Over the course of my twenty years career as an HR & payroll systems trouble shooter, I’ve consulted and strategized with management teams of all types. I’ve watched the wrong people ask the wrong questions, and I’ve witnessed the evidence of hundreds of thousands of pounds flying out of the window, wasted on the wrong software.
If there’s one thing my clients and workshop attendeesreally enjoy, it’s hearing about these case histories, as very often they are able to relate directly to what I have found in my experience, and also take away some key points.
So, in this first segment of a two-part case study series, I will dive into How to Optimize an Existing HR System.
Client: Private Sector Size: 1,800 Staff
As anyone who works in HR knows, making the most of your HR system means the constant review of your basic processes to see how the technology can be used to drive improvements.
A key tool in this is work flow, which pushes documents round an organisation (normally via Self Service) gathering approvals (or rejections) for certain actions, and automating what can be a time-consuming task. I proposed that a number of paper-driven processes be handled by work flow.
One of these processes was the Recruitment Requisition, used to hire replacement staff. I was astonished to find no less than six different people were required to authorize this event. I’ll even name the posts: the hiring manager, their divisional head, the head of recruitment, the HR director, the Chief Financial officer and the CEO.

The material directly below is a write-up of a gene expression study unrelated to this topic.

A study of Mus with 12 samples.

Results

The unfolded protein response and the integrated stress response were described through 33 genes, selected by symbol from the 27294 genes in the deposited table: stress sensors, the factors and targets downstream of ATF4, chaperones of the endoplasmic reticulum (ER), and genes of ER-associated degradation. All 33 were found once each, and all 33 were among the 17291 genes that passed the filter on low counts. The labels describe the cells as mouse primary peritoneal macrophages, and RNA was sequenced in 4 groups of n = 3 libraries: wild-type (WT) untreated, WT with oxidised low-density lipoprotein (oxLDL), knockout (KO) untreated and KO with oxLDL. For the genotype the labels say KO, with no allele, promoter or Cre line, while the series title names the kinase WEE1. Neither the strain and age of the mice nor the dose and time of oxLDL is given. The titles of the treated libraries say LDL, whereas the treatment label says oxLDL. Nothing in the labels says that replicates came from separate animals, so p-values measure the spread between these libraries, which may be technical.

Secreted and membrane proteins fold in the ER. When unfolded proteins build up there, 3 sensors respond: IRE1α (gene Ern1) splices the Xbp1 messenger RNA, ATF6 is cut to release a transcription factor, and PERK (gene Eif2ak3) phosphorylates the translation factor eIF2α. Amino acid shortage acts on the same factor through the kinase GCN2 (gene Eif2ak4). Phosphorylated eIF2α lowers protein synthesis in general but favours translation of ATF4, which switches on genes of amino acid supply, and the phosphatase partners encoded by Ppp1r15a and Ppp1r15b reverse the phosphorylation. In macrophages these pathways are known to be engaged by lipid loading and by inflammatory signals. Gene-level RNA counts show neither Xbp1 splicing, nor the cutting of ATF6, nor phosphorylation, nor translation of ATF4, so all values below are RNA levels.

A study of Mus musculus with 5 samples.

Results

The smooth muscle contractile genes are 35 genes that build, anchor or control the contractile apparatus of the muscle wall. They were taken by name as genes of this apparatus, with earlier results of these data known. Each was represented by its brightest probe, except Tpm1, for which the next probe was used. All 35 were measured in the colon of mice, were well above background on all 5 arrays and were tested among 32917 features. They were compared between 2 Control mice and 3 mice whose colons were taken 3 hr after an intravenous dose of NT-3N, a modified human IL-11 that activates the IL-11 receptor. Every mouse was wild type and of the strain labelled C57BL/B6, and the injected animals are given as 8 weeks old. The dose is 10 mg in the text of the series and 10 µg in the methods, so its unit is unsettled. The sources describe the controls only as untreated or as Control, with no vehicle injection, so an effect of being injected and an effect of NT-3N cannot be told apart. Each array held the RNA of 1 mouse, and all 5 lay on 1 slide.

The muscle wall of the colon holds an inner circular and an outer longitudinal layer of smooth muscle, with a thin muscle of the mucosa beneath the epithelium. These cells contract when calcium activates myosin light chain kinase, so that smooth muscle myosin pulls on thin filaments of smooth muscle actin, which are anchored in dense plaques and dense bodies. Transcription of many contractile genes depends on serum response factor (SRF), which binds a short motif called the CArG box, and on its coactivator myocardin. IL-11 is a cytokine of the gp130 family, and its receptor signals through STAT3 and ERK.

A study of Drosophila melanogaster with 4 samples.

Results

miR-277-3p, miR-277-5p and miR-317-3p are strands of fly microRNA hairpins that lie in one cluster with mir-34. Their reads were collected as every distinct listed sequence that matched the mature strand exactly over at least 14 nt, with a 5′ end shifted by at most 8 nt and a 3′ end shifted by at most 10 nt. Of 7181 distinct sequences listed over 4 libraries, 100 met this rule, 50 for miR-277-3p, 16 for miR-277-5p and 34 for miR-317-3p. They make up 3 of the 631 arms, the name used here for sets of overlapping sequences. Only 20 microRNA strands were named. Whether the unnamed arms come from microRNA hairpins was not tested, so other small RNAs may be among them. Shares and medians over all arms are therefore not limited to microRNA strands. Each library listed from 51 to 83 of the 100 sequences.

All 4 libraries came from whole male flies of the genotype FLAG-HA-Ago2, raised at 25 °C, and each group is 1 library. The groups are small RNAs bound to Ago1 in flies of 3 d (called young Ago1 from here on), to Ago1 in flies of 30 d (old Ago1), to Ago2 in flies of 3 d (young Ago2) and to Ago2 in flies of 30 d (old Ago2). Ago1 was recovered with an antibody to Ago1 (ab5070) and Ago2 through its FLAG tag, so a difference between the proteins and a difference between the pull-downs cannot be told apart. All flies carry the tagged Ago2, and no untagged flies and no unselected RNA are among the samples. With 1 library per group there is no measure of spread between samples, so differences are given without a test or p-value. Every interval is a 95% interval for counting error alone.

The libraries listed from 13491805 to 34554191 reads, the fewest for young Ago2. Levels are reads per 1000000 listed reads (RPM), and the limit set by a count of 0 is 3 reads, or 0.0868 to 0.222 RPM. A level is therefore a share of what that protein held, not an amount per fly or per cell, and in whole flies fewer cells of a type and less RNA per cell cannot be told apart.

When I looked into the procedure, I discovered, in reality, people were hiring because they had an urgent need to fill vacancies. After the appointment, they trudged around the company a posteriori, gathering signatures as and when they could.
Rather than replicate this farce – that blatantly wasn’t working – I had a discussion with the CFO deploying this logic:
- Headcount budget is set every year. Therefore, providing the new hire salary is within bounds, a replacement is in budget.
- If a replacement is truly needed, and the post can’t be lost or reduced, then the hiring manager should know best. If you can’t trust your managers to make objective judgements, then get rid of them and find better ones.
- Given that a replacement is required, and the proposed salary is within budget, then surely all that is required is that a suitable financial officer verify that the hiring manager’s request is within limits?
This process could, in effect, be reduced to two signatures.
This logic was agreed by the CFO, especially in the light of current practices being unworkable and lacking rigour. A revised work flow was designed and is now working cutting unnecessary administration.
- Look critically at what you are doing. Many of these sorts of anomaly arise from the Board not trusting their line management; if that is the case, get managers you can trust.
- Try to make the system work if it is unworkable. Challenge it.
Stay tuned for my next case study: How to implement a new HR & Payroll system for a medium-sized company.